I offer both full representation collection defense for a flat fee, as well as “unbundled” limited services, such as court coaching.
Debt collection cases are brought by all kinds of businesses, but there are two basic categories of plaintiff collecting consumer debt in Maryland: Original Creditors and Debt Buyers.
Original Creditors are businesses that provided you with a service or loaned you money, such as banks, and auto finance companies, or hospitals.
Debt Buyers are businesses that buy old debts from Original Creditors. They purchase debts for a pennies on the dollar, then attempt to collect the full face value of the debt. I wrote an article for the Clearinghouse Review (a publication for public interest lawyers) titled Defending Junk Debt-Buyer Lawsuits, here. type of brief advice.
Courts in Maryland and are flooded with debt buyer collection lawsuits, in which the plaintiff seeks, on average, about $3,000. Any claim for $5,000 or less is treated by the courts as a “small claim” in which basic rules of evidence do not apply, and due process are extremely relaxed (some would say non-existent). The problem is that few people could or would pay a lawyer $1,000 or $2,000 to defend a $3,000 claim. Debt buyers know this, and they file thousands of lawsuits knowing that most of the time, nobody will defend the lawsuit. I have written more about the rate of default judgments in the article “Junk Justice: a Statistical Analysis of 4,400 Debt Buyer Lawsuits Filed by Debt Buyers.”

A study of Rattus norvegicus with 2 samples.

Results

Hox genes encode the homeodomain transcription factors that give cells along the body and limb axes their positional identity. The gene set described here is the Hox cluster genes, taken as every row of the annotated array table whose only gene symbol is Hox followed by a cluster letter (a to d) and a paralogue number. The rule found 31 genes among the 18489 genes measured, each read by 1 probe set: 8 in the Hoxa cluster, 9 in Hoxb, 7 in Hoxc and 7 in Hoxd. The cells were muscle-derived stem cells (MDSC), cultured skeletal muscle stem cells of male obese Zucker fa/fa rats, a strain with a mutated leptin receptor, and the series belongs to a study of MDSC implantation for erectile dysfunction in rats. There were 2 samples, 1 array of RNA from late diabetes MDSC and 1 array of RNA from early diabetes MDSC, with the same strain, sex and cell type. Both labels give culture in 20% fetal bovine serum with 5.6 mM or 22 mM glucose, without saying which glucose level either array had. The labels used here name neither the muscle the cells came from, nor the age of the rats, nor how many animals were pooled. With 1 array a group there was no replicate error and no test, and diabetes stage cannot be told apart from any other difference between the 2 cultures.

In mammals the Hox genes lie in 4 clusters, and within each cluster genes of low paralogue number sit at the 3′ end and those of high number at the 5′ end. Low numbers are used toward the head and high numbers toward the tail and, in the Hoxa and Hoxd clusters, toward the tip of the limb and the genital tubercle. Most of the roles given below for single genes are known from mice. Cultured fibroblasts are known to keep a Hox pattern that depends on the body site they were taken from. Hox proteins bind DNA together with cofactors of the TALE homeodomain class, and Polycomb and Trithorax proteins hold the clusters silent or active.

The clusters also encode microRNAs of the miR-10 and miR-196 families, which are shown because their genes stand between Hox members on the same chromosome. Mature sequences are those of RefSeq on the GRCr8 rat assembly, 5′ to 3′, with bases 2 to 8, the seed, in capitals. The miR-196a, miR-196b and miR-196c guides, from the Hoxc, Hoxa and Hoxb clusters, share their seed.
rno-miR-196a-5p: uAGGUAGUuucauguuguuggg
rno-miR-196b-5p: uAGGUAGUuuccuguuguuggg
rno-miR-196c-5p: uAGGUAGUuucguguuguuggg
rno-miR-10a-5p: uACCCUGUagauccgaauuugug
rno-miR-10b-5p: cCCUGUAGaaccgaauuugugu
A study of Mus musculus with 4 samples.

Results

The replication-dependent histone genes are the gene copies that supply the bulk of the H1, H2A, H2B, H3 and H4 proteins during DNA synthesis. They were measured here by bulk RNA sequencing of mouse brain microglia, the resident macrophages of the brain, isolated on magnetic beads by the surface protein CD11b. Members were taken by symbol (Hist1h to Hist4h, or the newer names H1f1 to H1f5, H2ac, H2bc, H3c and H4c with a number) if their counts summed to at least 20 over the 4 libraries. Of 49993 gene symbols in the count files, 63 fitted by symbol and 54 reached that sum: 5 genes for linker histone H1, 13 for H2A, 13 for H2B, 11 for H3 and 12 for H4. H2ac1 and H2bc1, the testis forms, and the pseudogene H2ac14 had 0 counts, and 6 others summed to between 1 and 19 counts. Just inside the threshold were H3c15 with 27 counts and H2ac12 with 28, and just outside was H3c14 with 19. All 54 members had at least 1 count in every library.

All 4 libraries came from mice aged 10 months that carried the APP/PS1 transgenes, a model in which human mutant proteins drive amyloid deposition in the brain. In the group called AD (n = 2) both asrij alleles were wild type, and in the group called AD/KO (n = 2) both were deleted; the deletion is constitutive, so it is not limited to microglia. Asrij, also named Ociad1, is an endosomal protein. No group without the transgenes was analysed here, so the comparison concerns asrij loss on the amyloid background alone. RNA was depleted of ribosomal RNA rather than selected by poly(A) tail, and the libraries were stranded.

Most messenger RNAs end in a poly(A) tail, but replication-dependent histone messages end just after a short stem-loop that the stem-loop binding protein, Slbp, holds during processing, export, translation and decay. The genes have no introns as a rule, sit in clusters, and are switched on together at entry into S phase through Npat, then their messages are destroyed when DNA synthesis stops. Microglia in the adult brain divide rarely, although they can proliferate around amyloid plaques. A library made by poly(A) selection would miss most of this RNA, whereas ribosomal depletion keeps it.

Many people have found my article “Defending Junk Debt Buyer Lawsuits” to be helpful. In some “small claims” cases, with a little bit of background and formal coaching, a self represented consumer stands a much better chance of prevailing in court.
I made some videos which explore the debt buyer complaint form elsewhere on this website, and the Maryland Courts have produced this video to help you prepare for trial. I also created a smart form Notice of Intention to Defend which you can fill out, upload, and have me review.
If a judgment is entered against you, then in many circumstances the Plaintiff can legally garnish your wages and your bank accounts. The Maryland Courts have produced this brochure explaining this process.